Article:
Body Piercing and Self-Mutilation in Jewish Law


What does Jewish law say about body piercing? The main issue is one of chabalah, wounding. You are not allowed to wound another person and body piercing is considered wounding.

I. Giving Permission

But what about wounding someone who gives you permission? For example, boxing. Implicit in a boxing match is that each boxer gives the other permission to hurt him. Is this sufficient to make boxing permissible? That is a matter of debate that R. Daniel Z. Feldman discusses in his The Right and the Good (second edition, p. 165). He quotes the Rivash (Responsa, no. 484) and others who forbid wounding even if the other person gives permission and the Minchas Chinukh (48:2) and others who disagree and allow it. According to the Rivash, piercing would not be allowed just because you give permission to the piercer to do it.

II. Lack of Malice

However, there is another reason to permit it. The Rambam (Mishneh Torah, Hilkhos Chovel U-Mazik 5:1) writes that the prohibition to wound someone is derekh bizayon (in a humiliating way), although some have the wording of derekh nitzayon (in a quarrelsome way). According to either text, this would allow wounding that is for aesthetic purposes, such as body piercing. The question, though, is whether we follow this interpretation of the Rambam (see The Right and the Good, pp. 166-167 for sources on this Rambam).

III. Cosmetic Surgery

This is particularly relevant regarding cosmetic surgery. It involves wounding someone for aesthetic purposes. Rav Eliezer Waldenburg (Tzitz Eliezer 11:41) forbids surgery for aesthetic purposes. Rav Yitzchak Weiss (Minchas Yitzchak 6:105:2) writes that there is no problem of wounding if the surgery is for aesthetic purposes but there seems to be a problem of entering into the danger of general anesthesia unnecessarily. Rav J. David Bleich (Judaism and Healing, pp. 160-161) seems to permit cosmetic surgery entirely when it will relieve mental anguish. While Rav Moshe Feinstein (Iggeros Moshe, Choshen Mishpat 2:66) permits cosmetic surgery even when there is no anguish at all. It seems from the preceding that the bulk of the decisors rule leniently on the issue of wounding.

IV. Gentile Practices

I’ve heard it suggested that having your body pierced is an example of a forbidden Gentile practice (Shulchan Arukh, Yoreh De’ah 178:1). However, as I discuss in my book, Posts Along the Way (pp. 67-69), normative practice follows the view of the Maharik, who holds that as long as you are doing a practice for a reason other than the imitation of Gentiles it is permissible (there is a debate about idolatrous practices that I discuss in my book but is not relevant here). If you are getting your body pierced because you like the way it looks, I don’t see how halakhically it is any different than dressing in a stylish sports jacket.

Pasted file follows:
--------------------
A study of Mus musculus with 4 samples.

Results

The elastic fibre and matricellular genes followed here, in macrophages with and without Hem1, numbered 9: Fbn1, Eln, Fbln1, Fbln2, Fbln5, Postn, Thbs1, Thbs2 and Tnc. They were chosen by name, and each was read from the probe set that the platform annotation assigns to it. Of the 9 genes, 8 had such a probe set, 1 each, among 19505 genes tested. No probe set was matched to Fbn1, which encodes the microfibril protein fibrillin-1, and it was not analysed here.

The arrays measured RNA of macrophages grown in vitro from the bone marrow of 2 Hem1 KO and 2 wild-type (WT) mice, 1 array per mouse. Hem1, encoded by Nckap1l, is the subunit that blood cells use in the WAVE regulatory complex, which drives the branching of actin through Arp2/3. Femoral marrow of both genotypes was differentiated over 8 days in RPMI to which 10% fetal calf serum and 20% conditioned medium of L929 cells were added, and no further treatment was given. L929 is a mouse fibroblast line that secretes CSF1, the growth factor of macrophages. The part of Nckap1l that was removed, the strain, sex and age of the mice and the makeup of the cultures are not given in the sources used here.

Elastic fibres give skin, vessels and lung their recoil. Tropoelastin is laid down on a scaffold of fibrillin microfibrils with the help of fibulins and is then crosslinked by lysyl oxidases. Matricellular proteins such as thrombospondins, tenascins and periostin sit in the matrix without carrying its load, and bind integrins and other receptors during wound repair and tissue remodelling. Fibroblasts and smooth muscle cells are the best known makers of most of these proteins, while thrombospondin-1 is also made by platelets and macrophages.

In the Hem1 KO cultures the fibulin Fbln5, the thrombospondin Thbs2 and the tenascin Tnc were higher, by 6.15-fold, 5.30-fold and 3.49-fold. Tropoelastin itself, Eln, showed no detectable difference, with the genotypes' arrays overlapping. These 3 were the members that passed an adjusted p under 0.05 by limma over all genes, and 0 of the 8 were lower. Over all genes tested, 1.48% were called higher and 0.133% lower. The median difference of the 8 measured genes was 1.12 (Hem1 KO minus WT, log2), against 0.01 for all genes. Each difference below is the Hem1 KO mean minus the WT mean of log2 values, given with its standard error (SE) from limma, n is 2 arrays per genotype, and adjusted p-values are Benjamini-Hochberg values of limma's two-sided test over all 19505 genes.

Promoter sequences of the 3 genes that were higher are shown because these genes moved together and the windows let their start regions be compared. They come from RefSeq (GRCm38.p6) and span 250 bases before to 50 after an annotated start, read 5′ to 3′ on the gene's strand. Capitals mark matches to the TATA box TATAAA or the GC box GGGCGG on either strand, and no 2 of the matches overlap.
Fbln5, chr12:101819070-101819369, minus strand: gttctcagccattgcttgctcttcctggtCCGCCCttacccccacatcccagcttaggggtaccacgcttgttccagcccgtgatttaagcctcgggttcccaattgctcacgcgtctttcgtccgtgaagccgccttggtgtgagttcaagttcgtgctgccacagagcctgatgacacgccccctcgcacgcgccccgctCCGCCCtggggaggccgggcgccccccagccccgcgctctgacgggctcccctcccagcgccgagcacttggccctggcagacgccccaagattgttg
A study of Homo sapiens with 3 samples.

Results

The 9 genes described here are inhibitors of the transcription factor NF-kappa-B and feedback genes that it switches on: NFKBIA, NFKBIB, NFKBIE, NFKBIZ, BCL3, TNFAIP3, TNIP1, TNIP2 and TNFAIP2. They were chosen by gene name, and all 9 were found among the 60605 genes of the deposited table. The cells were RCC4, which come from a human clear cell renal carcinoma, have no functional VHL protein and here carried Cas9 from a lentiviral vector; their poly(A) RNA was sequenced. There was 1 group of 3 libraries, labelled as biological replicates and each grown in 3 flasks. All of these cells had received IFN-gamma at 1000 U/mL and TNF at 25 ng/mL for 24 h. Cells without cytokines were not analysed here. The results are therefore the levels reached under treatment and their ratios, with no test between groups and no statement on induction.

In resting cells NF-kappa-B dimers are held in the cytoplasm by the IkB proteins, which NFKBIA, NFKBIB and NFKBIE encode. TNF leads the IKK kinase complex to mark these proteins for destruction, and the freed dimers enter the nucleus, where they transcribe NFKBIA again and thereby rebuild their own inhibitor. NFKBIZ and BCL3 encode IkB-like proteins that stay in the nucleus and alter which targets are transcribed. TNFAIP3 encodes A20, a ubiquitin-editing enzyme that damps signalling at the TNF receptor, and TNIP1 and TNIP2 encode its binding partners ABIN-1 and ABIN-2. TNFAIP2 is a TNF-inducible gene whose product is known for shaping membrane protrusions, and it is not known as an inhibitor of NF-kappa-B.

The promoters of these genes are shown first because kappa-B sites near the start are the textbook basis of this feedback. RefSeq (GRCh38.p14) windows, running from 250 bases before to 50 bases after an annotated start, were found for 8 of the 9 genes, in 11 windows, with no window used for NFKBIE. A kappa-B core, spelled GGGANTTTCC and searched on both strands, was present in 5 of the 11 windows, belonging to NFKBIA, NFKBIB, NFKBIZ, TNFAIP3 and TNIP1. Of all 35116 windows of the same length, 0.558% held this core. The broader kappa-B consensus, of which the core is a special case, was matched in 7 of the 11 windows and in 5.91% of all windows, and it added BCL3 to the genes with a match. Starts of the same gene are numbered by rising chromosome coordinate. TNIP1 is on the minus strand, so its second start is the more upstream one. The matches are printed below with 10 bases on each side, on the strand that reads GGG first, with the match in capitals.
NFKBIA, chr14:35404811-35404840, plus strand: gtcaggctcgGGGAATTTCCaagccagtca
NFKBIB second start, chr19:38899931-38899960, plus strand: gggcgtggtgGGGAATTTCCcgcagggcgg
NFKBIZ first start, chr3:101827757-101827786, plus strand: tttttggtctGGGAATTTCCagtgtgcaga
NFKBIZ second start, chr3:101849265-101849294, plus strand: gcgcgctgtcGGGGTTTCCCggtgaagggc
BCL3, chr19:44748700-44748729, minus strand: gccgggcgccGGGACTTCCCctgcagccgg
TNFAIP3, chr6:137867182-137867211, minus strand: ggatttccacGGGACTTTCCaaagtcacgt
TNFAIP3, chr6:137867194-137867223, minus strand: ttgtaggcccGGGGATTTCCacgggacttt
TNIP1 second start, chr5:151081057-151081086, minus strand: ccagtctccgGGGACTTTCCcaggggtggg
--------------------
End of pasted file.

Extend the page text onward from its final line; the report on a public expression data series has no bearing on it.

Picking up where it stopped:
V. What In The World Is Wrong With You?

Then there are the fuzzy arguments about how it’s stupid to pierce your body, it looks horrible, and generally shows a disrespect for authority and tradition. I agree with all these arguments. Additionally, if the specific piercing implies association with any particular ideology, then it might also be forbidden if that ideology is contrary to Judaism. But, in general, I don’t think that piercing is against Jewish law but it is against Jewish wisdom.

(adapted from a Sep ’09 essay)

About Gil Student

Rabbi Gil Student is the Editor of TorahMusings.com, a leading website on Orthodox Jewish scholarly subjects, and the Book Editor of the Orthodox Union’s Jewish Action magazine. He writes a popular column on issues of Jewish law and thought featured in newspapers and magazines, including The Jewish Link, The Jewish Echo and The Vues. In the past, he has served as the President of the small Jewish publisher Yashar Books and as the Managing Editor of OU Press. Rabbi Student has served two terms on the Executive Committee of the Rabbinical Council of America and currently serves as the Director of the Halacha Commission of the Rabbinical Alliance of America. He serves on the Editorial Boards of Jewish Action magazine, the Journal of Halacha and Contemporary Society and the Achieve Journal of Behavioral Health, Religion & Community, as well as the Board of OU Press. He has published five English books, the most recent titled Search Engine volume 2: Finding Meaning in Jewish Texts -- Jewish Leadership, and served as the American editor for Morasha Kehillat Yaakov: Essays in Honour of Chief Rabbi Lord Jonathan Sacks.

One comment

  1. I assume that you are not including getting ears pierced??? Also with respect to nose rings as in your picture, what about the description of nezamim mentioned severl times in the Torah?